You can learn names of the plants and animals around you with new APPS like iNaturalist. This bromeliad on the Zamorano campus was identified as Tillandsia fasciculata by the APP, using its artificial intelligence algorithm. Then the identification was verified by another user of the APP. Photo by Oliver Komar.

By Oliver Komar, Ph.D., Director, Zamorano Center for Biodiversity.
Full Professor, Department of Environment and Development, Zamorano University Honduras.

Earth Day is celebrated every April 22. Most likely, social networks and the media are publishing messages about the climate crisis and biodiversity extinctions. There will be many recommendations on how to avoid damaging the planet, which for various reasons are rarely followed. In this article, I invite you to do something different, fun, and educational, that is not difficult. Something simple that, believe it or not, will make Mother Earth smile. With your cell phone, or with any digital camera, focus on ten plants or animals in your surroundings, whose names you would like to learn. There are several mobile applications now that receive photos of species and return proposals for their identifications, be they plants, insects, spiders, fungi, birds or other varieties of flora and fauna. One of the best applications (APPS), which is free to use, is “iNaturalist”, an APP developed by the California Academy of Sciences and funded by the National Geographic Society. APPS like iNaturalist have a dual purpose, as they help you learn about species and also share your reports with the scientific world. This process is citizen science (also known as participatory science). Anyone with a camera can participate. After learning the names of ten species, you will feel better connected with your world and you may wish to learn ten more names. You can download the APP or access the program through the website (iNaturalist.org). From the website, it is easier to take advantage of another function of the APP, its social network. You can comment on your photos or those of other observers and send emails to other users. You can also generate projects, post essays, view personal profiles, as well as connect with wildlife experts and scientists from around the world.

The Zamorano experience Through iNaturalist, I have reported over two thousand species in the last three years. In addition to helping one to learn about new species, this process helps uncover valuable scientific information and contributes to biodiversity monitoring (Chandler et al. 2017). My uploaded photos have attracted comments from scientists or experts from many countries, including in Europe, North America, South America, Australia, Asia, and Africa. All current Zamorano students have used iNaturalist for their Ecology class assignments. Through the APP, some students have received invitations to share their images in scientific publications, including one about insects of the Membracidae family from the Smithsonian Institution in Washington DC.

Some of my photos of wasps (family Vespidae, a group I barely recognized a few years ago) are going to appear soon in a new book on Central American wasps. The author of the book found the photos through iNaturalist. It turned out that decent photos of live specimens were lacking for several of the species.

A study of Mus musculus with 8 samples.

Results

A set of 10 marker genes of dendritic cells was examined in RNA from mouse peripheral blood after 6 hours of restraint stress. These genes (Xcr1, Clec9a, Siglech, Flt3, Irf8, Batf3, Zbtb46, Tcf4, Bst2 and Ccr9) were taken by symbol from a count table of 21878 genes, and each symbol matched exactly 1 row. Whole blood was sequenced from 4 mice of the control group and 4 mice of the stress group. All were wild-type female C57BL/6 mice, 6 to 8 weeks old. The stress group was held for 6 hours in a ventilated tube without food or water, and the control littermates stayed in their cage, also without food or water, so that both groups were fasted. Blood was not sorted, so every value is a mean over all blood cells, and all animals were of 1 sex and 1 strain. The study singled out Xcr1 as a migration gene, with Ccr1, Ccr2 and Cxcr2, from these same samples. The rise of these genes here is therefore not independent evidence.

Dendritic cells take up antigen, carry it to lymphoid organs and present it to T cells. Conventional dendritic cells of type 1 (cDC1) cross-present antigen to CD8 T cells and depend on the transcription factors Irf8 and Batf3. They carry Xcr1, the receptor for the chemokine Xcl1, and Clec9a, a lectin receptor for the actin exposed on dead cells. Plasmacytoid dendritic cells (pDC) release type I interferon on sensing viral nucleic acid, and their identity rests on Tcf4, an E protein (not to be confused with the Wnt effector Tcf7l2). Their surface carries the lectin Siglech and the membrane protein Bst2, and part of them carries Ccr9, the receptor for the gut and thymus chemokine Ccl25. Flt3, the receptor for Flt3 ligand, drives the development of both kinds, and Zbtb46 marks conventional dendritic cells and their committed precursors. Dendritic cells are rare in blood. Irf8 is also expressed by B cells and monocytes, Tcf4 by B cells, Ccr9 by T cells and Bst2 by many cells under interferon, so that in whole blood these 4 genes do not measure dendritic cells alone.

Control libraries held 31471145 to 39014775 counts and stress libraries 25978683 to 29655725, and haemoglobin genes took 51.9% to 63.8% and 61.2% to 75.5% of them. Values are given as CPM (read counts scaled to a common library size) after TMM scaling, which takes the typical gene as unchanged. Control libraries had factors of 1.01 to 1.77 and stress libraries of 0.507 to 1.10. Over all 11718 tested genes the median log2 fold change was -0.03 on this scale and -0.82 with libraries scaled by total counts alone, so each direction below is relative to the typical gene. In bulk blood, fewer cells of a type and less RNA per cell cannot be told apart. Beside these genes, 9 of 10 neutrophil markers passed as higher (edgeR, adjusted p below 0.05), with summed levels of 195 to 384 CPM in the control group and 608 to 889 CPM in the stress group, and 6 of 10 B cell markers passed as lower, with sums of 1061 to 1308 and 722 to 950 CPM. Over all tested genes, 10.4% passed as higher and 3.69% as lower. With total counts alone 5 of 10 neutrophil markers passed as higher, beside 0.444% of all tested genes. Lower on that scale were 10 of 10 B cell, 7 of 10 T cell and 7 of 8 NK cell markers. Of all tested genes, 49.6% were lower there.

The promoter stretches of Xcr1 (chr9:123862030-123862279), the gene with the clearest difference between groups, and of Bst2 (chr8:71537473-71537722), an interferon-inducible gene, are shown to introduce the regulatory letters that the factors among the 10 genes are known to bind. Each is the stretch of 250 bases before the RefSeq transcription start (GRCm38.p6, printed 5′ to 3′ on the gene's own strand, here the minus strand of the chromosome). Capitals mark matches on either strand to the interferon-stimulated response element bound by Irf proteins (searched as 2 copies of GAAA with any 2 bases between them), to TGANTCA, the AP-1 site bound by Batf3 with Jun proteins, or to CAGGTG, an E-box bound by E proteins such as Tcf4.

On the other hand, a beetle, Heterachthes fraterculus, which I photographed on my neighbor’s wall in 2019, turned out to be a rare species, originally described for science in 1986 (Martins and Napp 1986). This photograph was the only one available of a live specimen on the entire internet. By posting the photo on the APP, two experts from other countries confirmed its identification at the species level. Eventually, the photo appeared as the reference for the species on Wikipedia.


These experiences can happen to anyone curious to know the names of the plants or animals around them. In a short time, you can learn so much that you will feel like an expert, and you can become a teacher, helping to identify the species reported by other users of the APP. At the end of the day, when there a multitude of people know the names of the species with whom we share Mother Earth, there will be a substantial change in the culture of exploiting her. We must know our mother, to be able to love her and take care of her.

Fun facts:·

  • There are more than 3.7 million users registered on iNaturalist.org (or its mobile APP). Are you ready to participate?·
  • iNaturalist collects reports of flora and fauna by geographic regions, or in projects. For example, on the campus of Zamorano University, 1,211 observers (mostly students) have reported 3,185 species of flora and fauna with their cell phones and digital cameras. Many are beneficial to agricultural production.

You can learn names of the plants and animals around you with new APPS like iNaturalist. This bromeliad on the Zamorano campus was identified as Tillandsia fasciculata by the APP, using its artificial intelligence algorithm. Then the identification was verified by another user of the APP. Photo by Oliver Komar.

References

Chandler, M., See, L., Copas, K., Bonde, A. M., López, B. C., Danielsen, F., … & Turak, E. (2017). Contribution of citizen science towards international biodiversity monitoring. Biological Conservation, 213: 280–294.

Martins, U. R., & Napp, D. S. (1986). Ibidionini (Coleoptera, Cerambycidae). V división: Descripciones y apuntes. Revista Brasileira de Entomologia 30(2): 227–241.